A new article on The Wall Street Journal hypothesis’ that Alexa, and all voice-assistant devices, will be and are currently being used for more than just search results. The WSJ article notes that the developers of Alexa have discovered users are treating their devices more like relationships.
The WSJ article opens up with the following statement:
Amazon has sold more than 15 million Echo devices and now owns 75% of the smart-speaker market, according to estimates by Consumer Intelligence Research Partners, which puts this company on the front lines of what might be called early-stage AI therapy, in which a device is asked to respond to extremely personal questions and requests by its users.
The idea is people are seeing more than a Google search bar for information, but knowledge and a change of life. Later in the article, Toni Reid, the vice president of Alexa experience and Echo devices, and Rohit Prasad, the vice president and head scientist for Alexa talk about how people are wanting to actually have conversations with Alexa. Instead of gathering information for ourselves, we are wanting to get to know more about Alexa.
That’s all well and fine, but the technologists also discovered that in this relationship, people are wanting to share themselves to their Alexa devices. Very personal statements were being shared including “Alexa, I’m being abused.” “Alexa, I’m having a heart attack.” “Alexa, I’m thinking about suicide.”
Two Environments, Two Responses
Amazon’s response to Alexa hearing about the customer being abused is different than when a pastor or counselor hears it. Toni Read states in the article, “We wouldn’t take action on behalf of the customer.” The device though will give the phone number for the National Suicide Hotline for when someone says they are suicidal, again, not making the phone call for them.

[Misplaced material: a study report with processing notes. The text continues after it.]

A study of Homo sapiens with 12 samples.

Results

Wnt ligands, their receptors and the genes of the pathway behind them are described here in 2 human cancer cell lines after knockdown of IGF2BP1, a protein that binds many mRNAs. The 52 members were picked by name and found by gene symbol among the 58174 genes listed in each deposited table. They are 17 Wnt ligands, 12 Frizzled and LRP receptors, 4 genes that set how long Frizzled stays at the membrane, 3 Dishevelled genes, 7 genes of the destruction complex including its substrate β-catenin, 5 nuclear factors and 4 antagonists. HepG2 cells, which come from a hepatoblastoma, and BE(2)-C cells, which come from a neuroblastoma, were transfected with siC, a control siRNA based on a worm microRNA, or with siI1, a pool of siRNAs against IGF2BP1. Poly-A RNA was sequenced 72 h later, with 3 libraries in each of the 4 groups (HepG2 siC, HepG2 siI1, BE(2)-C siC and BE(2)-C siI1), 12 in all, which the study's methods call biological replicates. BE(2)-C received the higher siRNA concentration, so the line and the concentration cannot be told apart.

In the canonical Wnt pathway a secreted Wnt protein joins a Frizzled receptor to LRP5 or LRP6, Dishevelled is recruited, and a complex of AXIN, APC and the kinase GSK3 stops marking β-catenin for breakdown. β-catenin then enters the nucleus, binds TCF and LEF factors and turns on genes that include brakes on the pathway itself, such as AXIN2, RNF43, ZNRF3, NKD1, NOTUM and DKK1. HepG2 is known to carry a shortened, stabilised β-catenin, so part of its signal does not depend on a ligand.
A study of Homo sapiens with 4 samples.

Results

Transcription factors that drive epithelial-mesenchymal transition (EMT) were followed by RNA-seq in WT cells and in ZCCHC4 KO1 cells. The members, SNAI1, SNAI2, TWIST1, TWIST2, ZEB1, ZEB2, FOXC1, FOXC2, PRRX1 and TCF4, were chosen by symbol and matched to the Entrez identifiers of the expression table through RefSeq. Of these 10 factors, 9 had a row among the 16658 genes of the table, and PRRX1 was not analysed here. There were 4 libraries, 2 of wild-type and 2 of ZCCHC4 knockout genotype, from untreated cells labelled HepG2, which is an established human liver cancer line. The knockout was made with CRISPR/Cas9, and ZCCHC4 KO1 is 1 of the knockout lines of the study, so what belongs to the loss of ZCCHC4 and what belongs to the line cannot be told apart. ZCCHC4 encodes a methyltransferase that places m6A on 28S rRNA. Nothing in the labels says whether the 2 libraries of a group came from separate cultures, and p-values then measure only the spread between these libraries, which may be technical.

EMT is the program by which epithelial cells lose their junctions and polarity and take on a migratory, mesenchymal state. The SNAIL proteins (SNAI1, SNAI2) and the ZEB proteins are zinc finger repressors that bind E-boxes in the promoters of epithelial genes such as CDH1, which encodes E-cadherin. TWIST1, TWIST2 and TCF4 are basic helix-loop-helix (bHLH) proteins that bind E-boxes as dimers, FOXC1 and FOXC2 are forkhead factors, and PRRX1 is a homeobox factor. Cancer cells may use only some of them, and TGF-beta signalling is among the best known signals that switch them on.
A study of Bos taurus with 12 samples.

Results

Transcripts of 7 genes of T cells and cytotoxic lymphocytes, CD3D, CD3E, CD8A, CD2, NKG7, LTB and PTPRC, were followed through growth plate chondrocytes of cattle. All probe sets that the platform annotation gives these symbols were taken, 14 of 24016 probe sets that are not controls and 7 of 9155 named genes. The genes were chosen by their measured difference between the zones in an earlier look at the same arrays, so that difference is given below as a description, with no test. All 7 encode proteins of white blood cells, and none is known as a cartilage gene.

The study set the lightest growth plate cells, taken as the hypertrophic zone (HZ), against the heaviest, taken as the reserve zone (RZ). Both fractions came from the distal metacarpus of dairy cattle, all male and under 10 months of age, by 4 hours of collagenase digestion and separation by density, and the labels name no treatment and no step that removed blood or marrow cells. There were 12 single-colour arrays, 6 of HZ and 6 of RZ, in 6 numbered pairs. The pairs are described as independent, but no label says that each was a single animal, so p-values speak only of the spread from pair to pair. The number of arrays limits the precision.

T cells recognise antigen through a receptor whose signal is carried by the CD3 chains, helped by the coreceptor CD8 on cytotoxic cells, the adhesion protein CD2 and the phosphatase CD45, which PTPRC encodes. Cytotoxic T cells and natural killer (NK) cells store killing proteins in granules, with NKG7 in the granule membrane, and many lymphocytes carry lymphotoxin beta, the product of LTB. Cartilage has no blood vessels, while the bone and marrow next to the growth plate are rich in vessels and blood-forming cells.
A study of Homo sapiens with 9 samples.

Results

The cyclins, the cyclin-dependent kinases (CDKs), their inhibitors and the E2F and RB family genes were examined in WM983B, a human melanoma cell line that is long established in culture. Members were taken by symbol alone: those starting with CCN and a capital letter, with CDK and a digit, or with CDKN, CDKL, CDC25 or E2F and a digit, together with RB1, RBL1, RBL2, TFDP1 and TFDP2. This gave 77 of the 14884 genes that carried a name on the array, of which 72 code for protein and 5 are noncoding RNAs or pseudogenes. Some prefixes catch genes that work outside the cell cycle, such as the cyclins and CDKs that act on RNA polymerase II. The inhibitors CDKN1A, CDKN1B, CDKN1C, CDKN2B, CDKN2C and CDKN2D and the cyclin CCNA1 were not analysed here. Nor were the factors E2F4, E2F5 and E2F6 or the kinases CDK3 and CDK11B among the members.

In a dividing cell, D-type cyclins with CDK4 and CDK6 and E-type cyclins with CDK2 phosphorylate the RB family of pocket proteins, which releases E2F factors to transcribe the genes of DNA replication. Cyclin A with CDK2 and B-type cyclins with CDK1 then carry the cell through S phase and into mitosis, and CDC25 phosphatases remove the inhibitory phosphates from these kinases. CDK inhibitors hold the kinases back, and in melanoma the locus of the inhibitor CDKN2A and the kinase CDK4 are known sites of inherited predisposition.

We have to remember that Amazon’s goal is to make a profit.We have to remember that Amazon’s goal is to make a profit. Contacting the suicide prevention hotline or calling the police without user prompt is a legal, moral, and personal mess that has no financial incentive. This is not part of the goal for Amazon.
As pastors and counselors, we are all considered mandatory reporters. This means we do not get an option, you are required by law in the United States to call the police or crisis services.
So, if you are looking where to find cheap AA batteries or two-day shipping, I know the company for you. If you or someone you know is looking for companionship or to work through some very serious concerns, we suggest you go to or refer the individual to church leadership or a counseling center instead of an AI device.
What are your thoughts on people who treat AI devices in a more humanistic way?